Home / Spring 2016 / 2016-04-21 / The Manifestation of Depression

The Manifestation of Depression

Photo Illustration: Kayla Stroud/THE SPECTATOR

Written by Julia Rodriquez, Asst. Opinons Editor

She sits near the woods at the far end of an overgrown garden patio.   Staring, past the faded cobblestone zigzagged with cracks and grass, at the old crumbling house she once lived in.  Everyone who lived there is dead.  Her parents are dead.  Her siblings are dead.  She hasn’t seen another human being since her father started coughing up blood and was whisked away into quarantine.  Everyone in the world is gone, but they were rusty anchors tied with scratchy rope to her delicate ankles, holding her in place beneath dark, suffocating waters.

She does not mind the solitude.  She has always preferred being alone.  The people in her life were the root of all her problems.  The sickness that took them brought her freedom.  Yet, her lack of emotion scares her, she doesn’t feel human anymore.  Hoping for this place to evoke some feeling, she sits and stares at it, remembering the faces that walked the halls.

Something softly brushes against the nape of her neck and brings her out of the gloomy trance.  She tries to turn around and see what touched her but she cannot move.  Finally she feels something again, but it is fear.  Then pain, as she is attacked without the ability to fight back.  All she can do is scream as her flesh is ripped from her face, shoulders, chest and stomach.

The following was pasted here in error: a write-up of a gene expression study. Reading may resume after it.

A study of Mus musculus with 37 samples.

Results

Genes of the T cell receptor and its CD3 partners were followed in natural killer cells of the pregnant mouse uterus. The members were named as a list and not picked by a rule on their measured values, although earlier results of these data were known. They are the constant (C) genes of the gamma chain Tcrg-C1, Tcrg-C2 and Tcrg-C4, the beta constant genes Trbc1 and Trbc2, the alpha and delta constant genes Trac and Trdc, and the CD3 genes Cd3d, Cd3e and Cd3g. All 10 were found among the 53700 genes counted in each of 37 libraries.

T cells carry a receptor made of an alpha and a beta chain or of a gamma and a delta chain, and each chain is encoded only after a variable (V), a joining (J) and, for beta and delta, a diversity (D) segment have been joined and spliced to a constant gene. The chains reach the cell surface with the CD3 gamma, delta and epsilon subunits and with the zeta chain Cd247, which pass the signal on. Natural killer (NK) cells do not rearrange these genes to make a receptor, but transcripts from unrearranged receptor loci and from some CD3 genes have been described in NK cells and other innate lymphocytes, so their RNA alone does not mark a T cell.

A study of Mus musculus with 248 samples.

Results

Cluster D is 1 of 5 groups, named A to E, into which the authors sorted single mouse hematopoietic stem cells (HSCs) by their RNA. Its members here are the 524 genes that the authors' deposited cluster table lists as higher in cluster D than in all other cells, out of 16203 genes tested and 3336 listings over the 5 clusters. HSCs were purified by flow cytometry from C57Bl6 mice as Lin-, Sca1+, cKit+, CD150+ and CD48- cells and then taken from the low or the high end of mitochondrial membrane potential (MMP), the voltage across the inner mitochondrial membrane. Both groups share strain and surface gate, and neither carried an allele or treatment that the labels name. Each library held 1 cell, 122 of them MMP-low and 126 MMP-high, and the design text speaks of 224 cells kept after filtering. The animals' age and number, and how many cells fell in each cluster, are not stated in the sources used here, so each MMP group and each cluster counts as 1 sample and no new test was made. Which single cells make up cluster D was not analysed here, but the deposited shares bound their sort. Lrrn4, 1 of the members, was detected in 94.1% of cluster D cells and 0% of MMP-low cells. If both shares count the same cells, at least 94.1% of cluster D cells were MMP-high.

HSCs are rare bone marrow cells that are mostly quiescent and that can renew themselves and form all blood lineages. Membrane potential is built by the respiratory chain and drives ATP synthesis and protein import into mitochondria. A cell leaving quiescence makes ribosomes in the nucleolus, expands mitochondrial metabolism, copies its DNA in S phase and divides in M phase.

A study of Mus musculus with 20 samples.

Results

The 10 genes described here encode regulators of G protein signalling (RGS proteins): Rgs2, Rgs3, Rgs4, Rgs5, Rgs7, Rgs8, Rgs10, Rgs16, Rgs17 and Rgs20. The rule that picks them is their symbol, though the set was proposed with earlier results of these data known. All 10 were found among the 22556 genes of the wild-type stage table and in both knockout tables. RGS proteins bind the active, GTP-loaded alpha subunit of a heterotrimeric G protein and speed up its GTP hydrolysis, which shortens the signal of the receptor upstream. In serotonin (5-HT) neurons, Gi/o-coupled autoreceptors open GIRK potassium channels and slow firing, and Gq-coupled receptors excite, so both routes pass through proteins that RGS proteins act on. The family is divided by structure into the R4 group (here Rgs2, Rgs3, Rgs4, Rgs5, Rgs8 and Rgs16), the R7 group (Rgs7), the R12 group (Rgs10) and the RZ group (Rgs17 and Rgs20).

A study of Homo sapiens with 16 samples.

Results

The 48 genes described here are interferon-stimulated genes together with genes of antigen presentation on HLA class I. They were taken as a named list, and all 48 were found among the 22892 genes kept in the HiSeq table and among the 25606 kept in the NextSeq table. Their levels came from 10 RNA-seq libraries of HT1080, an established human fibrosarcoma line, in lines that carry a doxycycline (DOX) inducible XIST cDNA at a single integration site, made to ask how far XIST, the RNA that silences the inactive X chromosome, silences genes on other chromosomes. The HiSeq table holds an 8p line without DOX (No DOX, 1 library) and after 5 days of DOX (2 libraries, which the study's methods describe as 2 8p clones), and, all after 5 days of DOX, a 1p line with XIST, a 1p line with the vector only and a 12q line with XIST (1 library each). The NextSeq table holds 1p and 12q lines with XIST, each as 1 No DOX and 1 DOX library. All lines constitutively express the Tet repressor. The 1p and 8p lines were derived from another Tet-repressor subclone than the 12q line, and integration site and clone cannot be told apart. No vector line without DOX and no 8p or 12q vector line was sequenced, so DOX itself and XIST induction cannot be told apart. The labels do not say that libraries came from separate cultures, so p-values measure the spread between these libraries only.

“This is because of you,” she gasps between screams.

She glares at the house through the hot blood streaming into her eyes, “You got sick and left me here to die like this.”

Her whole body is stinging and throbbing when her heart begins to palpitate out of rhythm.  As she slips into cardiac arrest, she is finally able to move.  She collapses into a bloody mess of mangled flesh on the ground and slips into unconsciousness.

“What is that horrible smell?” A boy asks his grandmother as they walk towards a house in search of food.

“Something has died here…” she responds solemnly.

“There!” he points.

At the end of the yard, in the garden, lay the girl’s body, flies circling it under the beating sun.  The grandmother walks to it but the boy stays back, unable to stomach the smell.

“Grandma she’s half eaten! Don’t touch her it’s gross!”

The grandmother kneels down and takes the girl’s hand, inspecting her twisted, cracked, and bent back nails, “This girl has not had a single bite taken out of her,” she whispers to herself.